Kill the ‘cool girl’


Katy Babcock

The cool girl is an unrealistic and damaging trope designed by the male gaze.

Katy Babcock, Copy Editor

She’s the effortlessly perfect depiction of the male gaze. Her interests coincide with that of her male contemporaries like a puzzle piece. The cool girl is what every guy desires and many women long to be. 

Though unrealistic and, frankly, impossible, the image of a “cool girl” is a tempting trap set by patriarchal standards for women to fall into. 

Similar to the “manic pixie dream girl” trope, the cool girl is everywhere in modern media. We see her thin but curvy body downing glasses of beer or at sporting events in rom-coms. Or silent but sexy and supportive latex-wearing superhero sidekicks like Black Widow. Not to mention the wide spectrum of “cool girl” in sitcoms.

Smart cool girl, Rory Gilmore in “Gilmore Girls.” One-of-the-guys cool girl, Donna Pinciotti in “That 70s Show.” Casual cool girl, Robin Scherbatsky in “How I Met Your Mother.”

But what is so wrong with women having stereotypical male interests? 

Nothing is wrong with that, the problem with the cool girl ideation is that she is only allowed to engage in so-called manly activities because she is conventionally attractive. Across the board, aside from being masculine, all cool girls share one key similarity: they’re physically appealing. 

“Miss Congeniality” is a classic rom-com. Protagonist Gracie Hart is the laughingstock of the FBI for her tomboy tendencies. It’s not until she receives a full-blown makeover that her masculinity is found endearing. 

This is detrimental to women everywhere as it projects an unobtainable standard for them to attempt to adhere to. Altering their interests and bodies to be the cool girl every heterosexual male desires, women surrender the nuances and quirks of their real personalities.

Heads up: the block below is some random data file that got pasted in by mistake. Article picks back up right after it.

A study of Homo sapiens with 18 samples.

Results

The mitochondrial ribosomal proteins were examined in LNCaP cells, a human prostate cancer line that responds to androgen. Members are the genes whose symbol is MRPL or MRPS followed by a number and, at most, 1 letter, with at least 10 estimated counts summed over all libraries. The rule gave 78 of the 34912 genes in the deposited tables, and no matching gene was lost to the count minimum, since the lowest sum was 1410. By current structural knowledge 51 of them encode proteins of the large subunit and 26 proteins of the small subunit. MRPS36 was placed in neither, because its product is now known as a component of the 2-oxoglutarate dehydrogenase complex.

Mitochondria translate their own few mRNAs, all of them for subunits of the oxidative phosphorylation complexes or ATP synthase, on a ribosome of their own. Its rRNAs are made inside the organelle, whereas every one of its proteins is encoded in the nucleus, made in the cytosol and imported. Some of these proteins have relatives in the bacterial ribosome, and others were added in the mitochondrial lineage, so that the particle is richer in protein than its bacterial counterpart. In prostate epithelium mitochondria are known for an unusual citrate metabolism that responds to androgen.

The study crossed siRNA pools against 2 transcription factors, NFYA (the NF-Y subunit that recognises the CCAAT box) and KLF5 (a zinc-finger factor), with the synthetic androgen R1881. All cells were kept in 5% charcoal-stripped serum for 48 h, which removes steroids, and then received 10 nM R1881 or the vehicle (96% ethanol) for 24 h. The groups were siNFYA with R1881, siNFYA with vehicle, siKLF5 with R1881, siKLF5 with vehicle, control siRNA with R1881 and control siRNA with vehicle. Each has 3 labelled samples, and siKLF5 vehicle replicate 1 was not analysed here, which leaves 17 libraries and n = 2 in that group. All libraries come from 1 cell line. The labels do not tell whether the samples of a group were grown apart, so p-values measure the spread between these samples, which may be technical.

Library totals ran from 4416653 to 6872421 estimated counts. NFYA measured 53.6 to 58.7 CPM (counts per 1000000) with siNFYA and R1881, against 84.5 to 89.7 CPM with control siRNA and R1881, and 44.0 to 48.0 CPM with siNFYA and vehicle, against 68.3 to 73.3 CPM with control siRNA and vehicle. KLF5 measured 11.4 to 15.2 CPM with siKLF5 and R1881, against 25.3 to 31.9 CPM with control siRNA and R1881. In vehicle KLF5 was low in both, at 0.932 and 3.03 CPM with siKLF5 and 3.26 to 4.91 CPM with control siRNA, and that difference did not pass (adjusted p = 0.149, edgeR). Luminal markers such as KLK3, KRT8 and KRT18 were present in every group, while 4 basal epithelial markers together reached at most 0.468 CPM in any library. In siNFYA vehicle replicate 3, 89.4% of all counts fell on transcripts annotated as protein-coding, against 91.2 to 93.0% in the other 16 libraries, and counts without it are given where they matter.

High school student Vidya Kasichanula condemns the trope. “It’s as if these women are designed to have no substance. They’re merely a reflection of the men around them,” said Kasichanula. 

Male validation is so intrinsically coveted by women that the cool girl complex’s popularity persists; despite it perpetuating the harmful idea that women derive their worth from men. 

How to Lose a Guy in 10 Days” is another impeccable illustration of the apotheosized cool girl and her “unlikeable” counterpart, the caring girl. A dichotomy of desirable and undesirable, the former being preferred. 

“How to Lose a Guy in 10 Days” is one of junior Brie Howell’s favorite movies. “I don’t think it was intentionally sexist but it is heavily reflective of the internalized misogyny that went unnoticed at the time. I still watch it and enjoy it but I recognize its faults,” mentioned Howell. 

After adorning mainstream media through the 2000s, the cool girl was vilified by bestselling author Gillian Flynn. Astutely said by Flynn in her novel “Gone Girl,” cool girl is, in reality, a contemptible and fictitious ideal that men drool over. 

Girls can be cool, but they shouldn’t only be deemed cool by forcing themselves into an uncomfortable cookie-cutter standard that only exists for male pleasure. The cool girl is a facade, and nothing more, so it cannot last. Eventually, the act will die and so will the fraudulent relationship it was built on. 

For many young girls, the cool girl is a belief heavily subscribed to. Acting feminine is distasteful to the point where “girly” is an insult. Pleasant Valley junior Alene Keppy is not a fan of the cool girl complex. “This trope feeds into misogyny. It implies that a woman can only be admirable by denouncing femininity,” Keppy said. 

We must continue to dismantle these destructive tropes and instead encourage women to be themselves, for themselves.